Finding a Writer’s Paradise
Among the Gothic architecture and impressive foliage that characterize the campus of the University of the South lies a summer haven for poets and fiction writers alike. The Sewanee Writers' Conference, founded in 1990 and supported by a generous portion of Tennessee Williams's estate, is an intensive two-week conference filled with lectures, workshops, social events, and just plain creative time for writers. Thomas Sanders, a current member of the summer staff, fondly remembers his time spent with the conference:
Last summer I hung 170 portraits of authors, poets, and playwrights on the walls of the main reading room for the Sewanee Writers’ Conference—a picture for every writer or visitor to have spoken at the conference during its twenty-four year history. The group includes many contributors to the Sewanee Review, including Andrew Hudgins, Ernest J. Gaines, and the founder and director of the conference, Wyatt Prunty, as well as Aiken Taylor award recipients William Logan, Debora Greger, Howard Nemerov, Richard Wilbur, Anthony Hecht, X. J. Kennedy, and B. H. Fairchild. I was starstruck by the host of faces looking out at me. However as the 150 or so conferees and faculty started arriving by bus, car, and plane, I gathered quickly that the Sewanee Writers’ Conference was a place where the common cause of literature dissolves boundaries, a place where you can sing on the porch after midnight with Claudia Emerson, Richard Bausch, and others, or have a smoke in the shadows with Tim O’Brien.
This year’s faculty includes poets Daniel Anderson, Claudia Emerson, Robert Hass, Andrew Hudgins, Maurice Manning, Mary Jo Salter, A.E. Stallings, and Mark Strand; fiction writers Richard Bausch, Tony Earley, Diane Johnson, Randall Kenan, Jill McCorkle, Alice McDermott, Erin McGraw, Tim O’Brien, Christine Schutt, and Steve Yarbrough; and the playwrights Daisy Foote and Dan O’Brien. The two-week conference, which takes place at the end of summer (this year from July 23rd to August 4th), is packed with panels, craft lectures, and readings, all of which provide versatile instruction in the art of writing and publishing well. Additionally, conferees participate every other day in workshops led by a pair of established writers in their genre. And every attendee sits down with the faculty writer of his or her choosing to discuss the story, novel, poetry, or play submitted to the conference. The conference also offers a view from the publishing and editing side of writing, hosting a variety of esteemed agents and editors. This year’s visitors include several agents looking for new talent, and editors from the Atlantic, New Directions, Knopf, Blackbird, the Oxford American, the Hopkins Review, the Kenyon Review, the Missouri Review, Grove, Algonquin, Poetry, the Weekly Standard, and the American Scholar. These visitors demystify the publishing process, helping the writer to map a practical approach to the business of writing.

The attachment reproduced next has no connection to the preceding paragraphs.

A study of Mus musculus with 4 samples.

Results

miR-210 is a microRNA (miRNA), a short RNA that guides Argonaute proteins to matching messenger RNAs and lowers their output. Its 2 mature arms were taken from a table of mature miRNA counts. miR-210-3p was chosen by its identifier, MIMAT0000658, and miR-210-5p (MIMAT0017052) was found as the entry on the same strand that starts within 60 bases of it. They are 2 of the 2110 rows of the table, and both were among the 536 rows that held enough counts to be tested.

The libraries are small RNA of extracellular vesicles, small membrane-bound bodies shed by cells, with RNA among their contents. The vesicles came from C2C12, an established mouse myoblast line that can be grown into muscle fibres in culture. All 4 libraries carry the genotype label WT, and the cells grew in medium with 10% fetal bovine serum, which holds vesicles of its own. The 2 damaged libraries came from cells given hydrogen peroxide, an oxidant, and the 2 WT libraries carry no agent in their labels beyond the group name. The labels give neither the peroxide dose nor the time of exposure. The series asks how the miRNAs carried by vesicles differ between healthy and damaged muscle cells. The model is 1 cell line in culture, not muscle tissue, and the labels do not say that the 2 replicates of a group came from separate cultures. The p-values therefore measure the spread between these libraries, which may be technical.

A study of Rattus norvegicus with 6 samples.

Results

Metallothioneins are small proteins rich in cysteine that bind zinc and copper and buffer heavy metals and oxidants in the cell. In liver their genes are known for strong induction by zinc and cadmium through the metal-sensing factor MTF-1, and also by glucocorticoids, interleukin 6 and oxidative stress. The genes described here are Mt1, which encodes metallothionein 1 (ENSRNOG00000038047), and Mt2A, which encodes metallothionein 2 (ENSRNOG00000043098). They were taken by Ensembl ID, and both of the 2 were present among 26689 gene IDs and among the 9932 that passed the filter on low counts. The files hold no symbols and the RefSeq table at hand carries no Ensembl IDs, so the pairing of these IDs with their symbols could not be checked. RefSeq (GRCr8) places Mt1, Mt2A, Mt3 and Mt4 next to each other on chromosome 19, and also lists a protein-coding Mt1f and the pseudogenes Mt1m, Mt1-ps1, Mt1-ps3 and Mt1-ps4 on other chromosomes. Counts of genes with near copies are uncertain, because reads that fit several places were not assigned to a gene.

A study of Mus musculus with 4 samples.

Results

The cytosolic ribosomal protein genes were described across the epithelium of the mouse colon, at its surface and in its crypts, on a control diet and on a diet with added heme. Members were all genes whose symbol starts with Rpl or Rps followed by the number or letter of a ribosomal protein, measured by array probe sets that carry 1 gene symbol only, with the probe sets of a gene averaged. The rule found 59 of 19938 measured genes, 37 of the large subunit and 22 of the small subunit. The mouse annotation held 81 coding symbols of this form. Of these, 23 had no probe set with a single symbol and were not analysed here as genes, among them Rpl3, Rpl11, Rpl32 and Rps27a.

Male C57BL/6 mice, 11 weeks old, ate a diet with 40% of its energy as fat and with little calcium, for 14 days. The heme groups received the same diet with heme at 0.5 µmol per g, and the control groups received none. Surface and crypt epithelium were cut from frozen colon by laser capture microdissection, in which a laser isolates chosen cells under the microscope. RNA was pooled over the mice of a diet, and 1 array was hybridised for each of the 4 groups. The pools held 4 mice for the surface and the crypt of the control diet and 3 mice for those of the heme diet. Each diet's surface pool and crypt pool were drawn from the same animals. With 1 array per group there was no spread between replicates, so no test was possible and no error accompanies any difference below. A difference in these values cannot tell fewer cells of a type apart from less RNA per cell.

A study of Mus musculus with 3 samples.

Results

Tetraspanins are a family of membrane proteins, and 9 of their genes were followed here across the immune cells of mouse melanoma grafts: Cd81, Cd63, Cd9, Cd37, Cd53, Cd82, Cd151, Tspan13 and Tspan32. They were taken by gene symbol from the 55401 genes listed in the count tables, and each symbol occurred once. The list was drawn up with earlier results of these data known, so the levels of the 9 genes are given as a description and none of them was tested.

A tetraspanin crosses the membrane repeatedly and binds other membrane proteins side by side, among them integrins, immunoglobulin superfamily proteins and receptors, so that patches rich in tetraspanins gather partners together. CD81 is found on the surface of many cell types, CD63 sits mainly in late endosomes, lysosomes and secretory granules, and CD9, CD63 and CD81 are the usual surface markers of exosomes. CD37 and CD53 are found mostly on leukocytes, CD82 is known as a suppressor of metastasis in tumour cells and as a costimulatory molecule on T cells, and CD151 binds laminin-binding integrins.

It is not hyperbolic to say the conference is transformative; this is something we, the staff, hear again and again. One can’t resist the allures of Sewanee’s 13,000-acre campus, the creek romping, pond-swimming spirit of the mountain in summer. Warm nights under the star-dusted sky, drinking tea or something stronger with new friends, contains undeniable traces of a summer-camp spirit. And yet, the conference also pulls the writer to the page, fills her mind with an electric drive to create—an intoxicating, yet reflective, concoction of business and pleasure, work and play. Some of the richest experiences of the conference are pure happenstance—conversations and glasses brimming around the dinner table and on the green lawns. The buzz of katydids and talk of art and writing crests during these two weeks in Sewanee, and the conference is a cool breeze into what, for many, is a piecemeal and isolated writer’s life the other fifty weeks of the year. The friendships, advice, and uncut inspiration the conference imparts are enough to drive a writer for many months after its conclusion when conferees drift home, as if waking from a dream, from Sewanee.